Months and many failed milestones later, SMART went bankrupt and left Kings County with a half-finished, broken product.
The Sheriff’s Office canned it and went back to their old software, but the Kings County police departments who also signed up for SMART were stuck using it for years.
That fiasco is one of the reasons why Robinson and the Sheriff’s Office waited so long to decide on a new system.
“This has been a great joint effort by county staff, our IT department, Spillman Technologies and Assistant Sheriff Putnam,” Robinson said. “They’ve all done an outstanding job with the encouragement and support from our board of supervisors.
A previous effort to upgrade the county’s system went bust in 2008 after signing contracts with SMART Public Safety Software, Inc.
Instead, the company took $500,000 of the county’s money, delivered a half-broken product, then went bankrupt and disappeared under a new corporate identity.
In the aftermath, the Lemoore and Hanford police departments were stuck using the unfinished software, while other agencies switched back to their archaic systems.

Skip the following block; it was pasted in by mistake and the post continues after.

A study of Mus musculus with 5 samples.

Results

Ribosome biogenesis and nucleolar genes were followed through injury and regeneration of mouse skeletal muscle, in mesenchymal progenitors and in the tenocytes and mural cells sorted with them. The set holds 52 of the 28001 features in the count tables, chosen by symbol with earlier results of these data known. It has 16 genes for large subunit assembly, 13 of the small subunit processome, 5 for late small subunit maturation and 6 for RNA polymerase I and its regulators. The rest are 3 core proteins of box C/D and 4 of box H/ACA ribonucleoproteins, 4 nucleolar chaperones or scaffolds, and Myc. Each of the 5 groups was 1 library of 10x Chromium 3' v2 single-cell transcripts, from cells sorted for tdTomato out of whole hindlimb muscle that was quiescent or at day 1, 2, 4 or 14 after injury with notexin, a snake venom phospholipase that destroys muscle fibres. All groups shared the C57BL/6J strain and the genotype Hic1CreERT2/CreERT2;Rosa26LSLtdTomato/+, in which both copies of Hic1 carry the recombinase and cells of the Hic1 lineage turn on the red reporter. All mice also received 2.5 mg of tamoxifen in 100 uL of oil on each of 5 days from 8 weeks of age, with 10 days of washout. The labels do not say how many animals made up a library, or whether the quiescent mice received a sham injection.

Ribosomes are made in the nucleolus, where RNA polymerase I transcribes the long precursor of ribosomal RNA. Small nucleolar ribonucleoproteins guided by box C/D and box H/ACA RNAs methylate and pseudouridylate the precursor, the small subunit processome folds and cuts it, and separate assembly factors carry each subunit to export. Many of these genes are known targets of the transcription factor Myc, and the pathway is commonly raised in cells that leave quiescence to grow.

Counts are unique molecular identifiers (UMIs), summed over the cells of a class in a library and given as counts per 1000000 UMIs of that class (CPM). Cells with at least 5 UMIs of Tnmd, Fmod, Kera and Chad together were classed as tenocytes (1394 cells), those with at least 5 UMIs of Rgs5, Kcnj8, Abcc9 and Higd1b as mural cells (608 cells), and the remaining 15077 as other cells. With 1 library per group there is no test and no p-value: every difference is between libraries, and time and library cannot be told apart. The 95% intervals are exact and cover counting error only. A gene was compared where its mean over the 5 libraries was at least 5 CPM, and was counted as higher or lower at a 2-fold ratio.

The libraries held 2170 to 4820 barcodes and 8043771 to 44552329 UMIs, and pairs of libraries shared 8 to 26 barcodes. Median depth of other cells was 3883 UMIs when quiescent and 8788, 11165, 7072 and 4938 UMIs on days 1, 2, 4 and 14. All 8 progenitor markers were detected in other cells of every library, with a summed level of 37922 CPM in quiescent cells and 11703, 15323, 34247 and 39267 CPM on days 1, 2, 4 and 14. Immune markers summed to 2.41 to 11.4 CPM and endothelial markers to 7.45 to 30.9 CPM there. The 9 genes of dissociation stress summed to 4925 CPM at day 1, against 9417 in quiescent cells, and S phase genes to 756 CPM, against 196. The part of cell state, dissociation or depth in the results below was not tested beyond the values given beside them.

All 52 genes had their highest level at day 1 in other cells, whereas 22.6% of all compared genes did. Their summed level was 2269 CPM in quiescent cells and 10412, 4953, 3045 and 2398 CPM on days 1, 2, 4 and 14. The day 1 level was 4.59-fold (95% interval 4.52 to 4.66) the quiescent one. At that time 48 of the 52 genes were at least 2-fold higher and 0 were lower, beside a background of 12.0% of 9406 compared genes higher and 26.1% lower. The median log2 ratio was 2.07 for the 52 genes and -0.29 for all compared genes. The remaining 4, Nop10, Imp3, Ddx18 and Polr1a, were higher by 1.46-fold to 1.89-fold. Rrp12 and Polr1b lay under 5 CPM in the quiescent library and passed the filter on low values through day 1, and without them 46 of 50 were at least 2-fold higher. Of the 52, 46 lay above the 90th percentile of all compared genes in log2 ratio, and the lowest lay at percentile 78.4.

SMART met its end in 2012, when the area police departments joined together to adopt the RIMS software by Sun Ridge Systems.
But the Sheriff’s Office declined to follow them, preferring to find a service that would accomodate running the Kings County Jail and dispatching for the Avenal Police Department.
They met their match with Spillman Technologies, Inc., a Utah-based firm that provides systems for more than 1,000 agencies across the country.
Robinson said the switch will cost them only $10,000 a year more than they were already paying to maintain the old system.
The Kings County Board of Supervisors voted unanimously in late 2012 to adopt the platform.